Looking through other blogger’s submissions for this week’s photo challenge: intricate took me back a few years.
My sweetheart had read that some fine examples of carved green men were beautifully preserved at the Church of St Mary and St David in Kilpeck, Herefordshire, and was keen to see them.
After a lengthy drive and a few missed turns, we arrived at the small church which dates back to at least 1143. In my imagination, looking back, it was raised up in a field in the middle of nowhere. There is a tiny modern day settlement, but you have to be going there to get there.
Kilpeck is on the Welsh – English border about 10 miles from Hereford. To quote diocese information the church ‘stands between the remains of Kilpeck Castle and the six acre deserted medieval village whose main road still serves as an access road’. Add in some gently rolling countryside and that sounds about right!
It would not have seemed out of place to hear hooves, and lift our heads to see King Arthur and his Knights riding across the fields to worship in all their finery. That might seem fanciful, but before you mock, Arthur’s Stone is just a morning’s ride away in the Golden Valley.
Anachronistic? Only by 3,000 years or so (the 25 tonne stone was laid there somewhere between 3,700 and 2,700 BC).
OK – back to the real world, which is wonderful enough. The site has a complex history, much of it still unresolved, variously reputed to include Saxon, Celtic, Roman and even megalithic times.
Today’s church has a simple, classic construction: two small buildings of decreasing height – the nave and chancel – nestle against a round apse in a raised oval churchyard, girded by a stone wall.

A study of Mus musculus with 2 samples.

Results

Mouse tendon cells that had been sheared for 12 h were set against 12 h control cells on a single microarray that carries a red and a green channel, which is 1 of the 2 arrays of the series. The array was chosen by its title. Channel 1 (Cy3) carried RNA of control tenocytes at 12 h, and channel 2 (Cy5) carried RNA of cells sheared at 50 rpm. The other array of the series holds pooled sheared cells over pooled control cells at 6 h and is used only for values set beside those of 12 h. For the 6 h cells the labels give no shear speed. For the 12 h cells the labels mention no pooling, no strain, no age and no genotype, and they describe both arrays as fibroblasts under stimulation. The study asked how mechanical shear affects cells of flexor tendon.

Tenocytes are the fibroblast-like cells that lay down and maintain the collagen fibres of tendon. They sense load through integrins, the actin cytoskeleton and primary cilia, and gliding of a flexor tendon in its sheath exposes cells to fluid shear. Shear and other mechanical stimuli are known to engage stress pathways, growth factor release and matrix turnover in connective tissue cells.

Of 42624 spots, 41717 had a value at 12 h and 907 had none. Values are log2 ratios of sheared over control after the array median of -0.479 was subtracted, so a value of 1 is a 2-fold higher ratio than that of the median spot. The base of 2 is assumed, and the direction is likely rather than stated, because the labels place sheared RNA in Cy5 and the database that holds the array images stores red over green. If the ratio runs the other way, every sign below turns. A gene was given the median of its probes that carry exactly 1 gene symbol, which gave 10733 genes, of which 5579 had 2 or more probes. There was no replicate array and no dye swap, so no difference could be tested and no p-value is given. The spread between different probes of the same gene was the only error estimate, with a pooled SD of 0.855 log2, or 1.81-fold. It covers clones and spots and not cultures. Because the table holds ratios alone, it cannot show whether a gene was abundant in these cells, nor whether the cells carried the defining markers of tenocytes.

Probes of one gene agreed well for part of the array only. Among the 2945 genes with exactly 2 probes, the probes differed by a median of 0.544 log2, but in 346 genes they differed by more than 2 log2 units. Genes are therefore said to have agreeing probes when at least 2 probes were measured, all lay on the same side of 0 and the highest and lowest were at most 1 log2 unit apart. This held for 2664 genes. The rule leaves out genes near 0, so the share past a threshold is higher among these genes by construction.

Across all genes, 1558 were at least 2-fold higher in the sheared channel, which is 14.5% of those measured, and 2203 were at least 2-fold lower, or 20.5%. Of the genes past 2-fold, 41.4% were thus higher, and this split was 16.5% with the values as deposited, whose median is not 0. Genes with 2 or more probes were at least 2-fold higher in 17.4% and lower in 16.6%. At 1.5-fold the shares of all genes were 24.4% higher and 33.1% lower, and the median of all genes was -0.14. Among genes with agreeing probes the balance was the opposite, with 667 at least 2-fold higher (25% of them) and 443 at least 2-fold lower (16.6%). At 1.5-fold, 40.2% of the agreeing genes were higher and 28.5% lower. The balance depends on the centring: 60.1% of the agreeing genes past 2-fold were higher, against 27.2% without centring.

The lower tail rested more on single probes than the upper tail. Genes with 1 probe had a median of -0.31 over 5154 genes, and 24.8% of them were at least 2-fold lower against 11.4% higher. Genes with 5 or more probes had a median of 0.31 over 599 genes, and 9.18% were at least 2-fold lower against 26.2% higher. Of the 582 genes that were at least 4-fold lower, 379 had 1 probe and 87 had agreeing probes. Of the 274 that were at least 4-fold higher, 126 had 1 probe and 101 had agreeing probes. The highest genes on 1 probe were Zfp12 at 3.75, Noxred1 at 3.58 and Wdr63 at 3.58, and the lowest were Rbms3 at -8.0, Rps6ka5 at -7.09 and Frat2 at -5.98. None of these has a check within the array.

The decorative carvings on the church door and windows would have been worth the trip, but all kinds of weird and wonderful carvings also gazed or glared down at us from a row of corbels around the roofline. There are 85 of them, all original.
To my eyes, there are at least two distinct styles of decoration. The carvings on the corbels are naive, cartoon-like – sometimes sweet, sometimes caustic. I would guess that this is the oldest work, but perhaps I’m just seeing the handprint of the sculptor. Like most naive art, it has a strange, emotional power.
Censors, religious opponents and vandals down the ages have obliterated so much of the old decoration on our churches that art like this is unfamiliar, edgy.
The doorway carvings have some unusual elements, including two warriors wearing pantaloons, but they’re in a more familiar style: ornate, studied, complex – definitely intricate.
No-one really knows for sure today what many of the images mean, though we hazard guesses, as at so many mysteries. Most likely, each carving is some form of invocation, either for protection or increase.
A cute carving of a hound and a hare was my favourite, but for the challenge I’m posting a picture of the arched door, its carvings sheltered from the rain by a modern sliver of lead. Who would have thought a gem like this would be hidden in plain sight in 2015?
For lovers of wordplay and coincidences – assuming that these Romanesque church carvings in red sandstone can be described as holy rock – my first submission was holey rock.
A church website with an article on dowsing and a downloadable app? Now that’s a mix of cultures!
You’ll also find several Kilpeck Flickr groups sharing detailed photos of individual carvings.
Just one last thought – aren’t the door hinges wonderful?